Traditional Martial Arts and MMA
on AUG. / 25 / 2011 | 0 comments
Recently, I visited the martial arts section of a local bookstore and what I found there was compelling in that the relative proportion of MMA titles to those of traditional Martial Arts books greatly favored the former! For me, this is somewhat disappointing as I am increasingly concerned that MMA, while valid in its’ own right, is displacing the traditional arts well beyond the bookshelves of America.
From the perspective of sport and competitive fighting, I think that there is no question that MMA has rightly secured a solid position in the arena and by definition; it is clearly a fighting art. My purpose here is not to debate the validity of this relative newcomer to the field. That is already established. Rather, my focus here is on what the traditionalists are proactively doing (or better still, not doing) to remain relevant and competitively viable in the current environment. Physical ability and fighting prowess are important and central to what Taekwondo practitioners emphasize in their training, but you can get that at an MMA studio as well. The core styles are more than that and we need to get the word out and emphasize how we help to develop the whole person which, in turn, builds better families, communities, etc, It is sad to note that I have visited some Taekwondo schools that do not even teach the tenets as part of their curriculum! So what is the difference between them and us when the focus is the same and/or the lines of distinction are blurred?
You may have already determined that his is not going to be a post on why MMA is kryptonite to the traditional arts, why they are evil and must be damned! Competition is a good thing because it promotes evolution and progress so long as you are willing to be engaged! For example, I spoke with a friend and school owner this past summer that complained about how MMA centers seem to be filtering off students. It is easy to sympathize, but I also think that the onus of responsibility falls on the traditional martial arts instructors to work smarter and get the message out concerning the overall benefits that we impart. If enrollments are down at your dojang and you are sitting in the office waiting for your advertisements to generate phone calls you may not be fighting the good fight.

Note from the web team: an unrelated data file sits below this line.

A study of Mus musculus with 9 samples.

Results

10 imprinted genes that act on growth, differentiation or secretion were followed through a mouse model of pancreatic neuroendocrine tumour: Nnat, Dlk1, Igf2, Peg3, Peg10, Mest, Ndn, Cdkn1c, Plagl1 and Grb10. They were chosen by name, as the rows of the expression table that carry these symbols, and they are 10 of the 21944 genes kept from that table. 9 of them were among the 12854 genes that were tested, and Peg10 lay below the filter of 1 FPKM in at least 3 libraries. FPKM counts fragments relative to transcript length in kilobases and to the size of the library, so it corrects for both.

The more we reach out to the community in which we teach to add benefit the more we will distinguish ourselves from the MMA studio on the corner. For example, school and community outreaches that take the form of demonstrations and motivational talks on leadership, moral character, positive lifestyle choices, etc, stretch far beyond flashy kicks and fight techniques. This is just one form of becoming more competitive, but I think that the more we get back to our core values as traditional martial artists the more competitive and successful we will be in the long run. This, I think is a better strategy than fighting MMA on their own turf!